Jenson Button spent "17 hours" stranded in the desert on his off-road racing debut, as his car broke a differential during the Baja 1000.
The 2009 Formula 1 champion – driving a spec-Trophy Truck in colours similar to the Brawn he drove to his F1 title – was contesting what is one of the most prestigious off-road events in motorsport, open to a wide range of machinery.
Button hit trouble in the Ensenada, Mexico-based event when he and his co-driver heard a "loud clatter" and lost all drive.
"We come away from the Baja 1000 with a story to tell, not the one we wanted but a great Baja story all the same," Button posted on Instagram.
"Started well, passed five moving trucks and then another seven/eight broken or crashed, found a really good rhythm of looking after the truck when needed and hammering the fast flowing sections.
"At mile 235 Terry Madden my co driver and I heard a really loud clatter and lost drive, we had broken the differential.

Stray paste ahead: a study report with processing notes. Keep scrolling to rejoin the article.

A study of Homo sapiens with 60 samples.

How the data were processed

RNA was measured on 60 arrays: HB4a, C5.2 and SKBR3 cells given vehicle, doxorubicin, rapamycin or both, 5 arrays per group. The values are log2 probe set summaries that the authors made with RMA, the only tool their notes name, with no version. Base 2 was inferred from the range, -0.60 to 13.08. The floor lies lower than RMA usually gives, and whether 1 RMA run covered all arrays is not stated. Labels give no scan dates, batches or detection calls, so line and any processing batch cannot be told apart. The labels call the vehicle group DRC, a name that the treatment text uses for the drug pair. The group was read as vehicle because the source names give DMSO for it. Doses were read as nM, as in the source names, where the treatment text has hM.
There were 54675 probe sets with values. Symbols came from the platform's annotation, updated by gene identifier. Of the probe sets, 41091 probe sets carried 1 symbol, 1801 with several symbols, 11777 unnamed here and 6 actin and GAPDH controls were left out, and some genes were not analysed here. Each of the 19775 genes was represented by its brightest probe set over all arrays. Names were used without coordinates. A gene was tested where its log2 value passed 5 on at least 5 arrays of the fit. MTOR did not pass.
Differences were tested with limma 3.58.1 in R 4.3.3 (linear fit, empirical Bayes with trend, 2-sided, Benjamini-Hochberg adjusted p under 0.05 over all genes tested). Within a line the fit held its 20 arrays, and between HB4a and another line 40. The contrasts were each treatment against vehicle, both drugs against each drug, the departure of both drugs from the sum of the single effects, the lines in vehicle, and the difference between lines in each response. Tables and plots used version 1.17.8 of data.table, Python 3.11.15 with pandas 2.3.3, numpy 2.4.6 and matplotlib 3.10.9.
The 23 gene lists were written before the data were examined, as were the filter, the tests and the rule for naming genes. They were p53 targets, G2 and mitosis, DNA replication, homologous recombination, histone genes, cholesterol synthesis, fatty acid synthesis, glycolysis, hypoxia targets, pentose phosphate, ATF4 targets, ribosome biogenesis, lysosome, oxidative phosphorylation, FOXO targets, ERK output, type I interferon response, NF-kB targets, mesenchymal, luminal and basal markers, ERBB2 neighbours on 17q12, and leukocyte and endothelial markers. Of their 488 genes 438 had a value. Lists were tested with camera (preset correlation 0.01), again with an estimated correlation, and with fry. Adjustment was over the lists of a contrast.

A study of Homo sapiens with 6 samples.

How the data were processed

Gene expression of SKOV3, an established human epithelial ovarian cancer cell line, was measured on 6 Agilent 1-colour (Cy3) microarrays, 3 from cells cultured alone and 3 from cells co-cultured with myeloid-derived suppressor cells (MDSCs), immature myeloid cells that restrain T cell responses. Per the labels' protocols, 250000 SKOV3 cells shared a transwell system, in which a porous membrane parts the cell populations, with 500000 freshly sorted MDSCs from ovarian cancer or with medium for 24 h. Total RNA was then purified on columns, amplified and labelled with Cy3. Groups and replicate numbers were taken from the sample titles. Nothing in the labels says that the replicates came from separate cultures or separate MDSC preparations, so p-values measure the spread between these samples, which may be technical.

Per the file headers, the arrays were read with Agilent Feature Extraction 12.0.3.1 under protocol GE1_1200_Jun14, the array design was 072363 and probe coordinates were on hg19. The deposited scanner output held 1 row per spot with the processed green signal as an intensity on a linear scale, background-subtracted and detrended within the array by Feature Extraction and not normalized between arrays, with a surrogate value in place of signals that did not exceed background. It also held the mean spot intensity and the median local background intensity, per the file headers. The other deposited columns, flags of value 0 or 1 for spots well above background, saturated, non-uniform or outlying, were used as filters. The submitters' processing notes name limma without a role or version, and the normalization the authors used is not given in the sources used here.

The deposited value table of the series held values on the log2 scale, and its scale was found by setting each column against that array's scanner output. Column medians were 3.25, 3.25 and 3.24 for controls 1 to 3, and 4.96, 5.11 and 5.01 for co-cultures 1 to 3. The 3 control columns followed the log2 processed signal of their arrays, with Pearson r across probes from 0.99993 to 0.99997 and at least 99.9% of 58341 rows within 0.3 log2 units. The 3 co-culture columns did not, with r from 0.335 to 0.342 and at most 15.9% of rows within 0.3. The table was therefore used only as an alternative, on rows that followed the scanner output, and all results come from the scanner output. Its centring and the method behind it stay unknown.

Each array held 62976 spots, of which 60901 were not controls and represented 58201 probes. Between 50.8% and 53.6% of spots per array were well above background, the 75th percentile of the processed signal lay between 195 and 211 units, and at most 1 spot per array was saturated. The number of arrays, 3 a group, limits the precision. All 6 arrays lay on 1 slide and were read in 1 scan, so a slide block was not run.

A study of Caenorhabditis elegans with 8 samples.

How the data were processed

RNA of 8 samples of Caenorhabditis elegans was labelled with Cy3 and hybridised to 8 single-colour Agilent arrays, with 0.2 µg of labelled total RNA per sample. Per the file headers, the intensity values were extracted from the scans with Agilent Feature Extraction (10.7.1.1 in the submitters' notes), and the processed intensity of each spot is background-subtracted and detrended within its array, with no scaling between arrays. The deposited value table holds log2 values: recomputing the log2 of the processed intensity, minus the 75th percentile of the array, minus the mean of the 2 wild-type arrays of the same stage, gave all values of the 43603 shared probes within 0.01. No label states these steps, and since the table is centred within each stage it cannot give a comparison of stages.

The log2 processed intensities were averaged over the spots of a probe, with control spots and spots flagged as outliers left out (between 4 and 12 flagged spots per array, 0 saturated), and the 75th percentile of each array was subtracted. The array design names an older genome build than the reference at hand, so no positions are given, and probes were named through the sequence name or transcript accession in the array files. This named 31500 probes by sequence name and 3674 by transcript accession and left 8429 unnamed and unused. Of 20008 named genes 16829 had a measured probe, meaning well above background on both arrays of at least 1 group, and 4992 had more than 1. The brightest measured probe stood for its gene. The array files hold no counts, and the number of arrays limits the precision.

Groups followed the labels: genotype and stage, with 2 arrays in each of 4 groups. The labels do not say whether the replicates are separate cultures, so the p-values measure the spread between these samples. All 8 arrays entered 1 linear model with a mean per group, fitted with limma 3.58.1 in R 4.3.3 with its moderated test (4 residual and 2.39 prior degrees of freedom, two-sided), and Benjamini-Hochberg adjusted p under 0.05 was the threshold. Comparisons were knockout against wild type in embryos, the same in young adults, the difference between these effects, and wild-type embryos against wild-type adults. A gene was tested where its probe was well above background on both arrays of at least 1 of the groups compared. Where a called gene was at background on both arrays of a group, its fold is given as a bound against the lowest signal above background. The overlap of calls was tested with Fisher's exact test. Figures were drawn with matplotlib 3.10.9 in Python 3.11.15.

"Strange as all temps were good and we looked after the truck but hey this happens, the problem was we had found the most remote place to breakdown which meant we spent the whole night and a total of 17 hours under the stars.
"The only people we saw were other racers asking us to wipe their dirty light bars clean.
"Fuelled by energy bars and a fire that needed constant help as all we could find was twigs, Terry and I could just enjoy the moment of peacefulness by telling stories which always ended with "its Baja".
"A life experience but not the one I expected. But I'll take it."
Since retiring from F1 following a long stint with McLaren, Button has contested SUPER GT in Japan, winning the title in 2018, and also took part in the 2018/19 FIA World Endurance Championship season with the SMP Racing LMP1 outfit.
He has ended both programmes, but said earlier this month he plans to return to the WEC when the top-class hypercar rules are introduced.
IndyCar runner-up Alexander Rossi also contested the Baja 1000, won by motorcycle rider Justin Morgan, and led before a minor roll stunted his progress.
He was able to continue, though he and co-drivers Jeff Proctor and Pat Dailey ultimately retired.